Senator George Borrello, R-Sunset Bay, and Assemblyman Andy Goodell, R-Jamestown, introduced legislation that would restrict access to girl’s sports to only those who are assigned female at birth in public middle and high schools.
The bills (S.6259/A.6124) state that any student from grades 7-12 attempting to join a sport categorized as “women’s” or “girl’s” sports must be able to prove that they were assigned female at birth to be allowed to play. This would be required in public schools and any private schools that compete against them.
The goal of this bill is to honor the distinction between men’s and women’s sports and the reasoning behind it, according to Sen. Borrello. Referencing Title IX’s protections against discrimination, he said women have fought hard for the right to compete for scholarships and other opportunities, and their competitions should not be influenced by those assigned male at birth.
“Any form of discrimination based on an individual’s gender identity or any other trait is reprehensible and something I strongly condemn,” Sen. Borrello said. “My intent in introducing the ‘Fairness in Women’s Sports’ measure was simply to protect women’s school athletic programs from unfair competition.”
He also referenced two studies: “How does hormone transition in transgender women change body composition, muscle strength and hemoglobin?” and “Transwoman Elite Athletes,” which examine the effects of estrogen therapy on the physique in relation to athleticism.
The studies were conducted on a range of people assigned male at birth, with a wide array of discoveries ranging from the effects of undergoing hormone therapy alongside sports (producing an effect similar to doping) to how the hormones fail to change some of the remnants of male puberty, such as skeletal and brain structure.
The study, which was performed largely on participants over 18, or otherwise post-puberty, found that there were significant changes in the ways people assigned male at birth interacted with sports, but not to a significant enough degree.
The results of the participants were far below that of the male athletic standard with hormone therapy interfering, changing, and lessening the effects of muscle, fat, and lung capacity. However, on average the participants still scored higher than the women’s athletic standard for the first three years of therapy.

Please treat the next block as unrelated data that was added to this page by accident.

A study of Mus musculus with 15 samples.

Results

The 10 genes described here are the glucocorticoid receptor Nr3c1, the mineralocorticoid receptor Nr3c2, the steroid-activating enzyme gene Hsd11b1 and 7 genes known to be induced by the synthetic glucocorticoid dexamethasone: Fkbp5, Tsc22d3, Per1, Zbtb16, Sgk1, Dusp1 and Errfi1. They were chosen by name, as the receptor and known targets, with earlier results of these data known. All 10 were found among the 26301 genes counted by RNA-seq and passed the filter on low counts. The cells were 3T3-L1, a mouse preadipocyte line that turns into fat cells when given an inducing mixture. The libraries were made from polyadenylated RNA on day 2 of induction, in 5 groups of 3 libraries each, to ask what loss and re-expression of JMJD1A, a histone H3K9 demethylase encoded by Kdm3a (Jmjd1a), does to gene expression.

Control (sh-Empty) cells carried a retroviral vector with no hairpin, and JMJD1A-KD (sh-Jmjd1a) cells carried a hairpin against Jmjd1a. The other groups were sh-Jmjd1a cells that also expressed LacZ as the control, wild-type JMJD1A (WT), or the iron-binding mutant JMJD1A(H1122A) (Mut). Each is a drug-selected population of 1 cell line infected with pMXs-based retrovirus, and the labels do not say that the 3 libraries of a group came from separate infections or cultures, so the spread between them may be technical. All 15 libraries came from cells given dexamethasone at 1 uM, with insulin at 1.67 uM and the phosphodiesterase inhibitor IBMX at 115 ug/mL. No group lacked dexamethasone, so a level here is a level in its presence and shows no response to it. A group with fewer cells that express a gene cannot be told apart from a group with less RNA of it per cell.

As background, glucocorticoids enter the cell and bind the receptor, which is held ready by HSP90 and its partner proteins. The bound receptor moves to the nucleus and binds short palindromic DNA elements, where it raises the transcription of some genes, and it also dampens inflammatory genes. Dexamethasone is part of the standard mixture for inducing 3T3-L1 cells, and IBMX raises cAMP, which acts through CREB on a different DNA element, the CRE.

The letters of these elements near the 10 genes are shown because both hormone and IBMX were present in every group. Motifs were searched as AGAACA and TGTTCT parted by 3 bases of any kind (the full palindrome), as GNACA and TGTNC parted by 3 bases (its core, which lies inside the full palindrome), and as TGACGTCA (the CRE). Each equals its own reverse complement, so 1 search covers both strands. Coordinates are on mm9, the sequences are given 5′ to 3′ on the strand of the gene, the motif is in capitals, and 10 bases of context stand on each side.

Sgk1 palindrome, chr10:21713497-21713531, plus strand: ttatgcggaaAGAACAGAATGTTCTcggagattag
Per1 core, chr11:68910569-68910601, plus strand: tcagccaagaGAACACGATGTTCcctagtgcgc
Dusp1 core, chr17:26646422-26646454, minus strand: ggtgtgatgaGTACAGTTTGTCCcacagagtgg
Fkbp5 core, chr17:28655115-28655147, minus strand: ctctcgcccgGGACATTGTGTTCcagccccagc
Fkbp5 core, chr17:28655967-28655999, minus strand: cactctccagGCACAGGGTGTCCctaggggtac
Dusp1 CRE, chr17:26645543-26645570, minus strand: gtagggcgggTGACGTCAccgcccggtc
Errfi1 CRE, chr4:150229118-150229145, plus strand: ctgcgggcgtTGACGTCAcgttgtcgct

This bill comes as part of a larger push from GOP lawmakers across the U.S., with many states having moved to pass similar bills, notably Florida, Tennessee and West Virginia. Meanwhile Arkansas, Minnesota and Mississippi have passed bills banning transgender athletes that reach as far as state funded colleges.
Conversely, California has passed a bill that protects trans students’ rights to participate in sports according to the gender they choose, rather than the gender they are assigned.
While the House of Representatives passed a bill on April 20 that would ban transgender athletes from participating in women’s sports at public schools and other federally-funded institutions of learning, President Biden rebuked the bill, stating he would veto it should it pass Congress.
The decision of what to do with transgendered athletes doesn’t rest solely in the hands of the politicians, however. As of April of last year, the NCAA rules that transgender participation in sports is handled on a sport-by-sport basis, with each sports’ governing body deciding the rules on their participation via hormone testing in order to prevent unfair advantages.
In a similar vein, World Athletics — which oversees track and field for the Olympics and other international events — decided in March that transgender women who went through male puberty would no longer be allowed to participate in women’s events.
Currently, New York public schools are allowed to assess whether a transgender student is eligible for joining a team within its own district, case by case.
The bill reside in the Education Committees in both the the Senate and Assembly.